Griffith University has received more than $1.7 million in funding for four Australian Research Council Discovery Early Career Researcher Awards (DECRA) announced by the Federal Minister for Education and Youth, the Hon Jason Clare MP this week.
Vice Chancellor and President Professor Carolyn Evans said the awards illustrated the impact of Griffith’s research in providing solutions that expanded human knowledge and understanding of complex issues.
“This is an outstanding achievement and these researchers are to be congratulated,” Professor Evans said.
“Their diverse projects will produce high-impact research for the betterment of Australia and the world.”
Dr Dominique de Andrade (Griffith Criminology Institute, AEL) awarded $442,723 for the project: Violent offenders in the night-time economy: Building the evidence. Alcohol-related violence in entertainment precincts is a significant community safety problem. This project aims to improve knowledge on individuals that are violent in entertainment precincts. It is expected to be the first study globally to use linked data to develop multi-system informed offending trajectories of violent offenders in these settings, examine the impact of patrons bans on offending trajectories, and apply situational action theory to alcohol-related violence. Results are expected to inform a critical knowledge gap and assist in the development of targeted violence preventive responses which reduce harm and make communities safer.
Dr Christopher Ndehedehe (Australian Rivers Institute, Sciences) awarded $428,000 for the project: Assessing the impacts of droughts and water extraction on groundwater. This project aims to develop a novel framework that uses big data from satellites to assess the impacts of droughts and water extraction on groundwater resources in Australia, currently poorly understood and difficult to monitor. This project expects to generate new insights into the mechanisms driving changes in groundwater availability and identify risks from sustained groundwater extraction. Expected outcomes include a new national capability to assess and monitor groundwater resources from space and providing data for government, farmers, communities and traditional owners to better prepare for future droughts, increase disaster preparedness, and sustainably manage groundwater resources in a changing climate.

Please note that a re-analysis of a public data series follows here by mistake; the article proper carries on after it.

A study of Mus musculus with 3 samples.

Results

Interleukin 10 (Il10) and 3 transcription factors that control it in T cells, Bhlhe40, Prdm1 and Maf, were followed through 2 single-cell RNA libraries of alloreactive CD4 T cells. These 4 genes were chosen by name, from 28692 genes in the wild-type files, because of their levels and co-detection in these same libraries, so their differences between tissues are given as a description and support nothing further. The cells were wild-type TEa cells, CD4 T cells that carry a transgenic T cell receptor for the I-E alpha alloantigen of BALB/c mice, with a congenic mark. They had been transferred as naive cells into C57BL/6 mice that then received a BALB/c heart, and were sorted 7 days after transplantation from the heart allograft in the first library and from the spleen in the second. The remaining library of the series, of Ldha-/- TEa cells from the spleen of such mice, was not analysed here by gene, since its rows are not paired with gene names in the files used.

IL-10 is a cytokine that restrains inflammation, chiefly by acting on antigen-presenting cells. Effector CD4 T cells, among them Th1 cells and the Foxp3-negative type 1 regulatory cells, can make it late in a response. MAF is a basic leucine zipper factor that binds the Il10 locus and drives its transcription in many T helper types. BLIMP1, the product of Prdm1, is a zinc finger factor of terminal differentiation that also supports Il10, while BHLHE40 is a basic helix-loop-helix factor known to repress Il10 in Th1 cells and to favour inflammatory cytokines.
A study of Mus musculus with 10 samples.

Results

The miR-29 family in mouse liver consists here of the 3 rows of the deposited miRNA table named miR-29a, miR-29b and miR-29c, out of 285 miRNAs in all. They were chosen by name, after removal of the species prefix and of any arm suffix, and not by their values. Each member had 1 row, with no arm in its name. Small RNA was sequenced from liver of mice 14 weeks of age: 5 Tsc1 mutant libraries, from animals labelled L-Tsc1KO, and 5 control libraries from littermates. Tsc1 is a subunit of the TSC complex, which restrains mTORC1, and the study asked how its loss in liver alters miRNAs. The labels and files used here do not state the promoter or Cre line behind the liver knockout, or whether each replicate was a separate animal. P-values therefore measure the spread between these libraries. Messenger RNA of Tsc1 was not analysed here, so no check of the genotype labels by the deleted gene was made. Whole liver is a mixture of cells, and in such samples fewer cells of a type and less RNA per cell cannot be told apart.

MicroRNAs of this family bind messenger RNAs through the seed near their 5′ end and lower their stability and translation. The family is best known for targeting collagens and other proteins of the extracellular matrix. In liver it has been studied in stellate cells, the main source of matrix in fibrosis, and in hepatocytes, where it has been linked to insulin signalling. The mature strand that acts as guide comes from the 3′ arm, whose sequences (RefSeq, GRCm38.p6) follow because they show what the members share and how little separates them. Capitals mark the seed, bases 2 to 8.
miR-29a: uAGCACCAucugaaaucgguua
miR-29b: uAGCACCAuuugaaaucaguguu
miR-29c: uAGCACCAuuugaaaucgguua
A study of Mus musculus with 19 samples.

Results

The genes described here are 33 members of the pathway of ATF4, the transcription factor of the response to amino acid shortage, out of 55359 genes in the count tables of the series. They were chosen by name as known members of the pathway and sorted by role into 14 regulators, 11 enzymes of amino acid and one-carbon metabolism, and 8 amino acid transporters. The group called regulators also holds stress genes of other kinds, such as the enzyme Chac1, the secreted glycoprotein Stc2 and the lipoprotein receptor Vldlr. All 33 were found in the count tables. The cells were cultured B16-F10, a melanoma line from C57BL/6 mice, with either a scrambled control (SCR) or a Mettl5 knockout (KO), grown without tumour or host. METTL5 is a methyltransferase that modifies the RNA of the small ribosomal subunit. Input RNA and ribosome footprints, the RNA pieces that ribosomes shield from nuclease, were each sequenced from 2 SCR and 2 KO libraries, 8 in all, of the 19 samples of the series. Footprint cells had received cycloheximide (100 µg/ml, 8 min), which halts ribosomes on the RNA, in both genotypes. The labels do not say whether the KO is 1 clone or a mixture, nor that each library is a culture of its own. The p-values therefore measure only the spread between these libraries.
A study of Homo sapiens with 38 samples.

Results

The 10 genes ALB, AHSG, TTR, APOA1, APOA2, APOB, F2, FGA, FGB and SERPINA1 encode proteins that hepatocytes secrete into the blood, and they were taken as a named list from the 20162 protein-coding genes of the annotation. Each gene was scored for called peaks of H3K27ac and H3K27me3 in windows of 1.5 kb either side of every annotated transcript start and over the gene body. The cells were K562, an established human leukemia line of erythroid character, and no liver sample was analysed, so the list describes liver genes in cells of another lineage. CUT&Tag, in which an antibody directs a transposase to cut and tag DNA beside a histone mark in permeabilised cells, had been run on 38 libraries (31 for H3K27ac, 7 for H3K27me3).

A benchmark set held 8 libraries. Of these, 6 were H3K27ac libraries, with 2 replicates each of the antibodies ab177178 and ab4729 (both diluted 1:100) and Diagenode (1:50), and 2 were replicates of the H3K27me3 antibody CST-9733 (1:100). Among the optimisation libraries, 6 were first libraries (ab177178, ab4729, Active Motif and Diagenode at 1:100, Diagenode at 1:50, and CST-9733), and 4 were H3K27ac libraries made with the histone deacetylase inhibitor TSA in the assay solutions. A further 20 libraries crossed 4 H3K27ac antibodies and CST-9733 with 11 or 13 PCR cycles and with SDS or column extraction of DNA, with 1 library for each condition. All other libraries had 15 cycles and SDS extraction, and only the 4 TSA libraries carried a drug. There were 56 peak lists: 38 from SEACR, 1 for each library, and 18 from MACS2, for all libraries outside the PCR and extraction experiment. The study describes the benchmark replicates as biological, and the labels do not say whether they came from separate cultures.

Dr Fiona Foley (Creative Arts Research Institute, AEL) awarded $454,705 for the project: Investigating the agency of Aboriginal Frontier War memorials. This project aims to unite conflicting versions of Australian history by investigating the impact and effectiveness of Australian Aboriginal Frontier War memorials. It will expand our understanding of the shared sacrifices by First Nation and settler Australians during the frontier war and demonstrate the reconciliatory potential of memorialising art informed by Indigenous oral history and creative arts research and practice. The social and cultural benefits include developing a new understanding of the historical construction of Australian national identity and the potential of Indigenous art to transform the function of Australian military monuments as well as a permanent archive of short documentary films and publication.
Dr Fan Zhang (Cities Research Institute, Sciences) awarded $435,232 for the project: Quantifying thermal environmental impact on office productivity. This project aims to quantify thermal environmental impacts on office productivity. It expects to firmly dismiss the prevailing misbelief that an indoor temperature of 22 °C leads to maximum workplace productivity, and create a paradigm shift in building management practice in commercial buildings. Expected outcomes of this project include a novel productivity metric, a standard measurement protocol for assessing thermal environmental impacts on office productivity, and world first indoor thermal environmental control guidelines tailored to diverse cognitive activities in the workplaces of different industries. This should provide cost-effective solutions to reduce building energy use while maintaining optimum workforce productivity.